Here is a different side of the agricultural debate, by British writer Fred Pearce, in a journal at Yale University, which emphasizes water as another key element in our handful of global crises — energy, food, water and global warming, all of which are interlocked and self-reinforcing.
After decades in the doldrums, food prices have been soaring this year, causing more misery for the world’s poor than any credit crunch. The geopolitical shockwaves have spread round the world, with food riots in
The immediate cause is declining grain stocks, which have encouraged speculators, hoarders, and panic-buyers. But what are the underlying trends that have sown the seeds for this perfect food storm?
Biofuels are part of it, clearly. A quarter of
But there is something else going on that has hardly been mentioned, and that some believe is the great slow-burning, and hopelessly underreported, resource crisis of the 21st century: water.
Climate change, overconsumption and the alarmingly inefficient use of this most basic raw material are all to blame. I wrote a book three years ago titled When The Rivers Run Dry. It probed why the Yellow River in China, the Rio Grande and Colorado in the United States, the Nile in Egypt, the Indus in Pakistan, the Amu Darya in Central Asia, and many others are all running on empty. The confident blue lines in a million atlases simply do not tell the truth about rivers sucked dry, for the most part, to irrigate food crops.
We are using these rivers to death. And we are also pumping out underground water reserves almost everywhere in the world. With two-thirds of the water abstracted from nature going to irrigate crops — a figure that rises above 90 percent in many arid countries — water shortages equal food shortages.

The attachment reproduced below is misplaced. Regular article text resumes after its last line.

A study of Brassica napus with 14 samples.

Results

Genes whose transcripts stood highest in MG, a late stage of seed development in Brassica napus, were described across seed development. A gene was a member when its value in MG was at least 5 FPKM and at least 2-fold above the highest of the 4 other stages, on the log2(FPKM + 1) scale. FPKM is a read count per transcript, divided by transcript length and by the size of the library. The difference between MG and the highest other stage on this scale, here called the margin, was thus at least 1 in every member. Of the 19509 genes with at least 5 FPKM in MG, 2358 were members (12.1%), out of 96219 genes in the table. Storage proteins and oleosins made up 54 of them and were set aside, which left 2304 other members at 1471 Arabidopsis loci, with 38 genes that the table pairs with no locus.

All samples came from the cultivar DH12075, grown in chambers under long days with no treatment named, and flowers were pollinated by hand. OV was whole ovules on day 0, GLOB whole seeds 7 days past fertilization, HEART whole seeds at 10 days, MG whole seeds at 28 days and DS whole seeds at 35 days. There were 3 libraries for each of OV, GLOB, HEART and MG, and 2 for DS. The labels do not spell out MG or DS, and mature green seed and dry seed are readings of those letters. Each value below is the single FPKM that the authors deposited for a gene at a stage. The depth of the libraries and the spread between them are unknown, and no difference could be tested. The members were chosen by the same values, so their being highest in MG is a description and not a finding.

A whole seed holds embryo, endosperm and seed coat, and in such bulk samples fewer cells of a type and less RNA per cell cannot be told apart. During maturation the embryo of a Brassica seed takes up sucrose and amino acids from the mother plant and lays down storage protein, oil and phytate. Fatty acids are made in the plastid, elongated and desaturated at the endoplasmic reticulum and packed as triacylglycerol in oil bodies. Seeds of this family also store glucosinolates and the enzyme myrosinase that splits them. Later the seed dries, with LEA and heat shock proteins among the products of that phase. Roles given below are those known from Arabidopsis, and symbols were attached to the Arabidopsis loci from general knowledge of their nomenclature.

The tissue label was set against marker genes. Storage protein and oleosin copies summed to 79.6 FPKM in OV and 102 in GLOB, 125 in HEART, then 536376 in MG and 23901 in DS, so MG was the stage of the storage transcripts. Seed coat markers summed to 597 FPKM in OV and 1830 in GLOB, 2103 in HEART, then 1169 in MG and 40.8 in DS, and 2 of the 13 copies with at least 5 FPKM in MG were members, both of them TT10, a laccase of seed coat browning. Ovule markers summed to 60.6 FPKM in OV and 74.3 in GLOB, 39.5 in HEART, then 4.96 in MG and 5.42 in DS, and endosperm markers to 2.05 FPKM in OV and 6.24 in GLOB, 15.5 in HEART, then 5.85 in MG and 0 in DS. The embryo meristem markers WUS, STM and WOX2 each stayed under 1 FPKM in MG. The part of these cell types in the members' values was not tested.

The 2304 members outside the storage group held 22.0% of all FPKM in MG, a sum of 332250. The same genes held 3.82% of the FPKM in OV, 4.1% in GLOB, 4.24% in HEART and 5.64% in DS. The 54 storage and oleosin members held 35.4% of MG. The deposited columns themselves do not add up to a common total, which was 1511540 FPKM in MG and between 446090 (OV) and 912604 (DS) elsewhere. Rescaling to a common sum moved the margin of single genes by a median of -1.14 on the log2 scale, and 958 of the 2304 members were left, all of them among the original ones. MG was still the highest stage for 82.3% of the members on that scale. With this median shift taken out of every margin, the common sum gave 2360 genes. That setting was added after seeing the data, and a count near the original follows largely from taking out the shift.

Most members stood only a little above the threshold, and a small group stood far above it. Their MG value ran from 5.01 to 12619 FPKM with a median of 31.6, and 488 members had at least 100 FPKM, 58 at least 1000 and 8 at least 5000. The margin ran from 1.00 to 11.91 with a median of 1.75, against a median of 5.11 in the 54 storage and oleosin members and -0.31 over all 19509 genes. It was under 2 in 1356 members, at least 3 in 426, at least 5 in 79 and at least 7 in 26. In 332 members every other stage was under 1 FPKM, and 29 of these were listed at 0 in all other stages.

Consider the two underlying causes of the current crisis over world food prices: falling supplies from some of the major agricultural regions that supply world markets, and rising demand in booming economies like
Why falling supplies? Farm yields per hectare have been stagnating in many countries for a while now. The green revolution that caused yields to soar 20 years ago may be faltering. But the immediate trigger, according to most analysts, has been droughts, particularly in
Why rising demand?
A few years ago, the American agronomist and environmentalist Lester Brown wrote a book called Who Will Feed China?: Wake Up Call for a Small Planet. It predicted just this.
Some press reports have recently suggested that
The same is true of
Even this elaborate hand-dug well in the Indian state of Tamil Nadu is dry, a result of over-pumping the underground aquifers.
Underground water is pumped for irrigation in
With river water fully used, Indian farmers have been trying to increase supplies by tapping underground reserves. In the last 15 years, they have bought a staggering 20 million Yamaha pumps to suck water from beneath their fields. Tushaar Shah, director of the International Water Management Institute’s groundwater research station in
“We are living hand-to-mouth,” says D.P. Singh, president of the All India Grain Exporters Association, who blames water shortages for faltering grain production. Last year
More and more countries are up against the limits of food production because they are up against the limits of water supply. Most of the
A map of world food trade increasingly looks like a map of the water haves and have-nots, because in recent years the global food trade has become almost a proxy trade in water — or rather, the water needed to grow food. “Virtual water,” some economists call it. The trade has kept the hungry in dry lands fed. But now that system is breaking down, because there are too many buyers and not enough sellers.
According to estimates by UNESCO’s hydrology institute, the world’s largest net supplier of virtual water until recently was
The largest gross exporter of virtual water is the
The current water shortages should not mark an absolute limit to food production around the world. But it should do three things. It should encourage a rethinking of biofuels, which are themselves major water guzzlers. It should prompt an expanding trade in food exported from countries that remain in water surplus, such as
On a trip to
For too long, we have seen water as a cheap and unlimited resource. Those days are coming to an end — not just in dry places, but everywhere. For if the current world food crisis shows anything, it is that in an era of global trade in “virtual water,” local water shortages can reverberate throughout the world — creating higher food prices and food shortages everywhere.